What makes you play a certain game? Although games are voluntary, they might have something that makes you think “I want to play it!” or “Can’t wait to experience that!” or “Amazing graphics, that’s my type of game” and so on. So many reasons to play a game.
From my personal experience, I’ve played games that people suggested, sometimes just to compete against my friends. I’ve played other games that evoke a certain memory from past experiences. And, in the middle of all the possibilities, we have game genres and types of players.
Player types are ways to categorise players and “label” them into different characteristics. This may work for some strategies, but can we really label ourselves into one single type of player?
On the other hand, we have the game genres: arcade, adventure, RPG, Candy Crush clones and so on. So many genres and possibilities. Let’s take the “clones” as example. Candy Crush is a puzzle type game of matching 3 elements, similar to the old Bejeweled. Actually, if we see in the app stores, there are a lot of clones of “popular games”. But do people play those games because of similarity?
Now, considering the mobile games that are in the app store so far, we can see a large amount of games designed around a movie. Let’s take the example of Minion Rush. It is exactly like Subway Surfers – another popular game. But it has the Minions everywhere. It’s the same as playing the bouncing balls type game from the movie Inside Out. Maybe if you’re a fan of the movie, you might download the game.
Considering this, we could be living in different bubbles that merge in different ways:

  • Game genre fan bubble: players that love this type of game and that’s it. “I play puzzle games because I love puzzles” – or maybe the player types – but this is another discussion
  • “Theme” fan bubble: players that love the characters or the story of the theme. “I love playing Minion games”.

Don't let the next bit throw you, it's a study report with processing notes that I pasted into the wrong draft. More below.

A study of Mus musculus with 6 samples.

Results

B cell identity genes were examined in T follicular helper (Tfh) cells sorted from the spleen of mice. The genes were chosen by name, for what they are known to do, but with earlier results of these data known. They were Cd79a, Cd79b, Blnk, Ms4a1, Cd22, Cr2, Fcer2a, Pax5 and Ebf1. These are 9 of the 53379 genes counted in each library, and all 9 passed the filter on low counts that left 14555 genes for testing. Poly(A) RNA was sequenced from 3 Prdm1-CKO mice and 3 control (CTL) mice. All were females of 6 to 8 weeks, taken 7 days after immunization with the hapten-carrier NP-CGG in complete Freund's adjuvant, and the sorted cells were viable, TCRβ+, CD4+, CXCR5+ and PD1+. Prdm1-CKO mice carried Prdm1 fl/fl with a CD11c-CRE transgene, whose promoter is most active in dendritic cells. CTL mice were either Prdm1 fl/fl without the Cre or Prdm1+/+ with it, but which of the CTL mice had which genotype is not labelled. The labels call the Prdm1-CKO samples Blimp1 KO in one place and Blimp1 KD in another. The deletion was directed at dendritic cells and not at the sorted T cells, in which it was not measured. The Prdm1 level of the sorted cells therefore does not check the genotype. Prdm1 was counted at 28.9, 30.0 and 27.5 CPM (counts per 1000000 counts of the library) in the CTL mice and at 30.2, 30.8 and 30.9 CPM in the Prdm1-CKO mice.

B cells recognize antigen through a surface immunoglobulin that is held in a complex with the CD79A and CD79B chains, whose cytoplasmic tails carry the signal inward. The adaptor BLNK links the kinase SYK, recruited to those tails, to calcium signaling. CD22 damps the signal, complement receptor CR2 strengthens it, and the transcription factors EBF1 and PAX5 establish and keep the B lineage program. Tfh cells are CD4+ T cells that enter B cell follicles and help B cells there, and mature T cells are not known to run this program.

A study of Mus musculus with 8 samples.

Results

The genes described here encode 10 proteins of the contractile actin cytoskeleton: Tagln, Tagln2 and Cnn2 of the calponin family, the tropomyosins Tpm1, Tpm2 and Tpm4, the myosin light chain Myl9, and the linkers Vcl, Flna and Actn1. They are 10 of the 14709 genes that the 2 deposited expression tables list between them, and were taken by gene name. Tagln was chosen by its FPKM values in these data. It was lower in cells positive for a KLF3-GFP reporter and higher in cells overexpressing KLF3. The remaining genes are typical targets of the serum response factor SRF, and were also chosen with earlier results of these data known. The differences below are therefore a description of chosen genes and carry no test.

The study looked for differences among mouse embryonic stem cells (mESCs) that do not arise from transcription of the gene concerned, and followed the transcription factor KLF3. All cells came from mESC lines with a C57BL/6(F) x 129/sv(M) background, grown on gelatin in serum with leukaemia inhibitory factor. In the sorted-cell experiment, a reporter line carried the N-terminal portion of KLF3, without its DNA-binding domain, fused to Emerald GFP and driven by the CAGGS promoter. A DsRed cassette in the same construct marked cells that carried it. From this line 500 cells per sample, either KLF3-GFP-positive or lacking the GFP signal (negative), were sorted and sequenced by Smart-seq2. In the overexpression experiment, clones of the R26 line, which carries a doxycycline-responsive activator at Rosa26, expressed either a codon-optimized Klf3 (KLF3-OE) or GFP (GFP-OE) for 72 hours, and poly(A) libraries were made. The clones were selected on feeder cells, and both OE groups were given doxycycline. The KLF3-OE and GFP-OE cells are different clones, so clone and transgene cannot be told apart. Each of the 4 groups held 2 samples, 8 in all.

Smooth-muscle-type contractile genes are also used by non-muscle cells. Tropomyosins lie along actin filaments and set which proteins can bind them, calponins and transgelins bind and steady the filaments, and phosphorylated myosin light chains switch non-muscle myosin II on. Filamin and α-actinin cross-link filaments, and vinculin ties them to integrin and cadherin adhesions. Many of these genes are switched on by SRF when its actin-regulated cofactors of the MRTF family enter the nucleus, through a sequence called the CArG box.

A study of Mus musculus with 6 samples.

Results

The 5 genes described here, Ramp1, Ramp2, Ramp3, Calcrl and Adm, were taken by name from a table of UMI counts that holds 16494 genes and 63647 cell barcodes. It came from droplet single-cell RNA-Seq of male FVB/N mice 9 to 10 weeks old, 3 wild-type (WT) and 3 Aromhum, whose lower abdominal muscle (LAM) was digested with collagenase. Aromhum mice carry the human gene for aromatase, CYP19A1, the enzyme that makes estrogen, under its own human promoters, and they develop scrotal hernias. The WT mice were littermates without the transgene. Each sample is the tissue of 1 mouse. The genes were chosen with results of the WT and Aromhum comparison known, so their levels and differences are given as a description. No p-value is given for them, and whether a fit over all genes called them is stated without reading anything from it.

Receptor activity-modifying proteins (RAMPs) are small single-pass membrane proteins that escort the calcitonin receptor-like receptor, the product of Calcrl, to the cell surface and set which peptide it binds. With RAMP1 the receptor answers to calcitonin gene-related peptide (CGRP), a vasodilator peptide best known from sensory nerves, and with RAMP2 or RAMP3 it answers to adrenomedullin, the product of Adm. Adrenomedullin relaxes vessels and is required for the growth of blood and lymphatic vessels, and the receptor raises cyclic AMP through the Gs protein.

• Social bubble: players that play games to be part of a group. I’ve lived that – and from the stories that I’ve heard, this might be very true
  • My own bubble: I play games because I want to have fun. A very simple bubble of individual objectives (not getting into detail here)

Thus, we have something very similar to this:
Of course it seems very simple to put people in one bubble. The idea is not that. Imagine that those bubbles are “alive” and moving to each other. They are not separated bubbles and they don’t have closed lines.
The idea behind this is that it is very difficult to label players. They might change their objectives or preferences along time – and this is perfectly understandable.
Many things could be related to those bubbles. In this case, it is a combination of game characteristics that could make people prefer one type of game and another is someone’s context or personal preferences. What makes people play games? Is this just an individual action or does the game itself provide this action? Why not both? One satisfy the other!
I think that the idea of the “fan” should be analysed. As games are cultural artefacts – why not explore the culture of the fan of games? Here we go. I will leave the thoughts with you.